Popo and the Prowler

This is a true story, and it revolves around TaB cola, a diet soft drink popular in the sixties and seventies.  Most people don’t know it, but the Coca-Cola company continued to manufacture TaB until 2020.  But in recent decades it was only available in certain parts of America.  Kind of like how things were when you could only buy Coors west of the Mississippi.

The story begins in 2005 with two men, Pepper and Troy.  They were vacationing on Padre Island when they made friends with a wealthy Texan named Big Brad, and his son, Average Brad.  It was hot and humid on the beach, and Pepper said, “I sure wish I had an ice cold can of TaB.”

Big Brad said, “They don’t even make TaB anymore.”

“Sure they do,” Pepper said, “it’s just not available in every part of the country.”

“Where can you buy it?” Big Brad asked.

“I know for a fact you can buy in Boulder, Colorado,” Pepper replied.

“I sure would love an ice-cold TaB,” Average Brad said.  “Haven’t had me one of those years.”

“You boys wouldn’t be interested in buying about four hundred cases of TaB and driving it down to Austin, would you?” Big Brad asked.  “I’m having a big party up in Austin tomorrow night.  Starting at six.”  Pepper and Troy looked at each other.

“How much do we get if we get it there by six p.m. tomorrow?” Troy asked.

Big Brad laughed.  “That leaves you about eighteen hours to fly back to Colorado and drive my four hundred cases of TaB back down to my spread in Austin.”

“Ain’t nobody ever flown from Padre Island to Denver, and then driven four hundred cases of TaB from Boulder to Austin in under eighteen hours,” Average Brad said.

“That’s ‘cuz we ain’t never tried,” Pepper said.

“One hundred thousand dollars,” Big Brad said.

“We’re in,” Troy said.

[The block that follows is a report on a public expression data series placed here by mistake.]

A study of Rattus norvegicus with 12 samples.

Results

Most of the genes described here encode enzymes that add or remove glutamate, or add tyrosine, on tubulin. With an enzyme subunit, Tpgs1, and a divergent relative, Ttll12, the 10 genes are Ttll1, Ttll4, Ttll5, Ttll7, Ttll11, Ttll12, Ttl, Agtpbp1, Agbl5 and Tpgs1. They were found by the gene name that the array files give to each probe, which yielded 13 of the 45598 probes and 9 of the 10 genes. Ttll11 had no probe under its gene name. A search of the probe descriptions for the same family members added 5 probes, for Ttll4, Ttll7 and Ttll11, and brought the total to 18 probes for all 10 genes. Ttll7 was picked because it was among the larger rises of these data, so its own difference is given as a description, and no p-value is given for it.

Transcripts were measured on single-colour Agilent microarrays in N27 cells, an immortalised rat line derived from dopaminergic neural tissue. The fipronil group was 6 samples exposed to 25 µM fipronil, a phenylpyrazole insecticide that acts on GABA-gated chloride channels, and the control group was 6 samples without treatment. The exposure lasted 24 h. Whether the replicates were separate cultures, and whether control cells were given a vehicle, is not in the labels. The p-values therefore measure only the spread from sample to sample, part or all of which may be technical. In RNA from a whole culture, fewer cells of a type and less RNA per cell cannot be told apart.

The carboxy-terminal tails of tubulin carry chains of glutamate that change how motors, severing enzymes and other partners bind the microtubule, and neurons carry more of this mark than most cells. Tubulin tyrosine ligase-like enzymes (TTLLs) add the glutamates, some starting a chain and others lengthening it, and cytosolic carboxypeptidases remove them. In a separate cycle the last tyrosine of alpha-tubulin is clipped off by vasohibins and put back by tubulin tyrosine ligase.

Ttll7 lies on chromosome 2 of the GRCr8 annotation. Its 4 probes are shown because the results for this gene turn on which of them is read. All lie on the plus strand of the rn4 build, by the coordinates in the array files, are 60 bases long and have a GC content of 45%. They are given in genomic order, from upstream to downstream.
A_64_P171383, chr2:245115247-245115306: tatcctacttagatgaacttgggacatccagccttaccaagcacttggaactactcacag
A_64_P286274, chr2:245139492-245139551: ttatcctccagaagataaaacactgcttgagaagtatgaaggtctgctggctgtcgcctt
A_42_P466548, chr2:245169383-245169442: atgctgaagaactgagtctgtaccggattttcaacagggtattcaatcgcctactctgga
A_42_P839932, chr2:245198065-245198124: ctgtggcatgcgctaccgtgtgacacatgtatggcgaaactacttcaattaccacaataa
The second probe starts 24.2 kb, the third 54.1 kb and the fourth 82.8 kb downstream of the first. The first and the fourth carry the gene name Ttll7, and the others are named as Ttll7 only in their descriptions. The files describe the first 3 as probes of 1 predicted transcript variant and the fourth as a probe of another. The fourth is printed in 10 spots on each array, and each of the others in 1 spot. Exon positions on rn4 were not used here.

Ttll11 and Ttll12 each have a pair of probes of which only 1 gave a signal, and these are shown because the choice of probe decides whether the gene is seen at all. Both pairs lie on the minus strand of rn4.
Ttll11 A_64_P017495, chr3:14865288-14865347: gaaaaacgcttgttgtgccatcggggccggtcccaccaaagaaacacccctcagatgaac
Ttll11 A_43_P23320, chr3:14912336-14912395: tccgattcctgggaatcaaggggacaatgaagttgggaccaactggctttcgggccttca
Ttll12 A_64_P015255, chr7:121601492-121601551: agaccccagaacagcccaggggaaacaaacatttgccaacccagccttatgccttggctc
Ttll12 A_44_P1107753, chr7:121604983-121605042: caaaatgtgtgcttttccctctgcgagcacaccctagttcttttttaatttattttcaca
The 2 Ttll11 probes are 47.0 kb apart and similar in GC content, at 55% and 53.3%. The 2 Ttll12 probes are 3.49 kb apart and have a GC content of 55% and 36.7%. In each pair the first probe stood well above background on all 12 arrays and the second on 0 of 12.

Troy and Pepper went straight to the airport and chartered a jet back to Denver.  They rented a moving van, bought four hundred cases of TaB in Boulder, and got ready to race back to Austin.  “Mapquest says fourteen hours and twenty-one minutes,” said Troy.  “We’ve only got about twelve hours.”

“No problem,” Pepper said.  You drive the van and I’ll drive my 1974 AMC Javelin ahead of you to divert the cops.  We can use CB radios to keep track of them.  My handle will be ‘Prowler’ and yours can be ‘Jumper.'”

“That’s dumb,” Troy said.

“You don’t like your handle?”

“No, it’s dumb because they make these things called cell phones now, moron.”

“Right,” Pepper said.

And they were off.  They made good time, flying down I-25 and into New Mexico.  It was just after they had crossed into New Mexico when a local sheriff clocked Pepper at 102 miles per hour.  Soon every law enforcement officer in New Mexico was after them, and things got worse when they entered Texas, as more law enforcement officers joined the pursuit.  They even had a bear in the air.

Through skillful driving, determination, cell phones, and help from like-minded Americans who didn’t believe the government should be setting arbitrary speed limits and interfering with free enterprise, Pepper and Troy delivered the four hundred cases of TaB to Big Brad’s ranch with seventeen minutes to spare.

Big Brad handed Pepper one hundred thousand dollars in cash.  “Now that you boys took all my money,” he said, “I’m kinda hankering for a Fresca.  Double or nothing?”